It looked squally for a time
Learn enough of our local history and it becomes hard to be shocked at anything people get up to now.
Case in point
On June 19, 1890, the African American population of Liberty County held a celebration, and in what must have been an effort to let bygones be bygones, they invited several of the local white officials to come speak.
One of them was County Attorney M.D. Rayburn. While there, Rayburn took offense to something a black school teacher said, and despite being a prosecutor and knowing the law, he still thought feeling insulted by a black man was cause enough to pull a gun.
Officers wrestled the gun away from him before anyone was hurt, but later that day he and the school teacher had a shootout in the middle of town. They were both terrible shots, though, and only the school teacher’s horse took a bullet.
Rayburn stood trial for “assault to murder” the following February and was acquitted.
The school teacher, Charles Walker Harris, had also been charged with “assault to murder” and was to be tried that same month, but was he not prosecuted on that charge. Instead he was tried and found guilty of unlawfully carrying a pistol and fined $25.
Minter Duke Rayburn resigned as county attorney the following August. However, despite his own obvious lack of respect for the law or the value of human life, Rayburn was elected in 1892, at the age of 24, to the first of his three terms as county judge. He died in 1904. His obituary says that he was graduated from the University of Mississippi with the law class of 1887, when he would have been about 20 years old.
Harris continued a long and successful teaching career in Liberty County and earned two doctorates. He died in 1919.
The horse died shortly after being shot.
Below is The Vindicator’s 1890 account of the incident, and attached is a short biography of Harris published by this newspaper in 1974.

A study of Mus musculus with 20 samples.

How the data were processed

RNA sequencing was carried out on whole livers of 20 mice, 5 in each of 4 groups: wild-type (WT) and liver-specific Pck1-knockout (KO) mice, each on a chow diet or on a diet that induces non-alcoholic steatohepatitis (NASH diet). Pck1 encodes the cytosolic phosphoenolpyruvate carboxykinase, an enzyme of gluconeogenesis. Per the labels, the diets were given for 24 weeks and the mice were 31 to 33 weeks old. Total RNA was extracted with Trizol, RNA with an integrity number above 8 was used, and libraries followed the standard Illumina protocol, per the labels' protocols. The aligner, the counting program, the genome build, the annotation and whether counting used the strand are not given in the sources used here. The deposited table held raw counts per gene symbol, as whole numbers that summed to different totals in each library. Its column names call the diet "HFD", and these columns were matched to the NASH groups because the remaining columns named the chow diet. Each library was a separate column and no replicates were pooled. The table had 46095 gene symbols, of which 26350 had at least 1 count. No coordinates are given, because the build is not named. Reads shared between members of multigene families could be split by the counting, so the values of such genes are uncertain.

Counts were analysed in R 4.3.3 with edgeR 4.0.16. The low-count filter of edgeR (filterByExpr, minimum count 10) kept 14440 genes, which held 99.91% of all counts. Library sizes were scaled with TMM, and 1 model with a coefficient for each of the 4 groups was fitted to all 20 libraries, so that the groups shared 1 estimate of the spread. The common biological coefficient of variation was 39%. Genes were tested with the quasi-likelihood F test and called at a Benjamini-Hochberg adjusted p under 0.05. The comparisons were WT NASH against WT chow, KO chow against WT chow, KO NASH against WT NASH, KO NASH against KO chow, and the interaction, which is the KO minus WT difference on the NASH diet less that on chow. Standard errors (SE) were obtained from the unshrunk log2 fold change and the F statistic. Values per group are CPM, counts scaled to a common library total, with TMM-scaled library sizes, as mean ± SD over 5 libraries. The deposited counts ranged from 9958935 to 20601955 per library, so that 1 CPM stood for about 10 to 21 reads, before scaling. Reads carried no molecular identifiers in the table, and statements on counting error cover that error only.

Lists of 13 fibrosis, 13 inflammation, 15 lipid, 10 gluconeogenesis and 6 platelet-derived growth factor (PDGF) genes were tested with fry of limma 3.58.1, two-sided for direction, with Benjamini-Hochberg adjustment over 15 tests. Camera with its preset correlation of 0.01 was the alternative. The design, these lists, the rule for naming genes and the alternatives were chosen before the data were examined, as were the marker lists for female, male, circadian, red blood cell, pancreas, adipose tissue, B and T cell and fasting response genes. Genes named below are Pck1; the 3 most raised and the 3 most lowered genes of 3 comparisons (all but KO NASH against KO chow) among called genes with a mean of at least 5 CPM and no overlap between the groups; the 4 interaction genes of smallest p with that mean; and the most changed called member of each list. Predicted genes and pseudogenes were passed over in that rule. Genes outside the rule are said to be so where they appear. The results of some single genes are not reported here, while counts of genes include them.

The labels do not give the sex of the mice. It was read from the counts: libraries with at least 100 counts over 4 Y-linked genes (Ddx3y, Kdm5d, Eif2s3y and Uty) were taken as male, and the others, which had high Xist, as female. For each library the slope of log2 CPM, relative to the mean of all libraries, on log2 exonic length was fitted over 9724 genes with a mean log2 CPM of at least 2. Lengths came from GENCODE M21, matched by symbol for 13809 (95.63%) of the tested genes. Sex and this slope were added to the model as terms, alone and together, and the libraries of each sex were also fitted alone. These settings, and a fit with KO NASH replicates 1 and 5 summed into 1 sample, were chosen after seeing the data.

The 19th of June.
Our colored population celebrated this day (last Thursday) in the usual way. In the morning quite a crowd gathered in from the country and assembled at the river. About noon a procession marched through town, and as it passed our office we noticed the crowd was composed largely of young men, women and children. The old men, former slaves, were conspicuously few, there being not more than half a dozen of them in the procession, so far as we could see. Reassembling at the grove near the river, speeches were made by Messrs. C. F. Stevens, M. D. Rayburn and L. C. Chambers, white, (who had been invited to speak) and B. H. Hayden, C. W. Harris and Rev. Hadnott, colored. All went well, we understand, until a difficulty arose between county attorney Rayburn and C. W. Harris, negro school teacher. Angry words ensued, a pistol was fired, (said to have gone off while the officers were trying to take it from Mr. Rayburn, who had been insulted by Harris) and while no on was shot it looked squally for a time. The crowd [dispersed], going in different directions, everybody more or less excited. Shortly after the trouble at the river, Mr. Rayburn, who had returned to town, was coming down the street, toward the drug store, when he observed Harris, on his horse, approaching in the same direction. Harris seeing Rayburn, reached for his pistol that was in his saddlebags, and after bursting three or four caps, succeeded in firing one shot at Rayburn, when R. rapidly returned the fire, shooting, we believe, three shots, one of which wounded the horse, which has since died. At this juncture Harris turned away and rapidly retreated in the direction of the river to his home.
Saturday morning Harris was arrested, and waiving examination was placed under bond in the sum of $300. We were not present during any part of the trouble, did not see or hear any of it, and what we have said, is as it was told us. Of course reports are conflicting, as is generally the case when men are excited. All should feel gratified to know that no violence ensued to place a stain upon the good name of our county. The law is always ample, and let it be upheld and vindicated. Such should be the desire of all good citizens, white and black.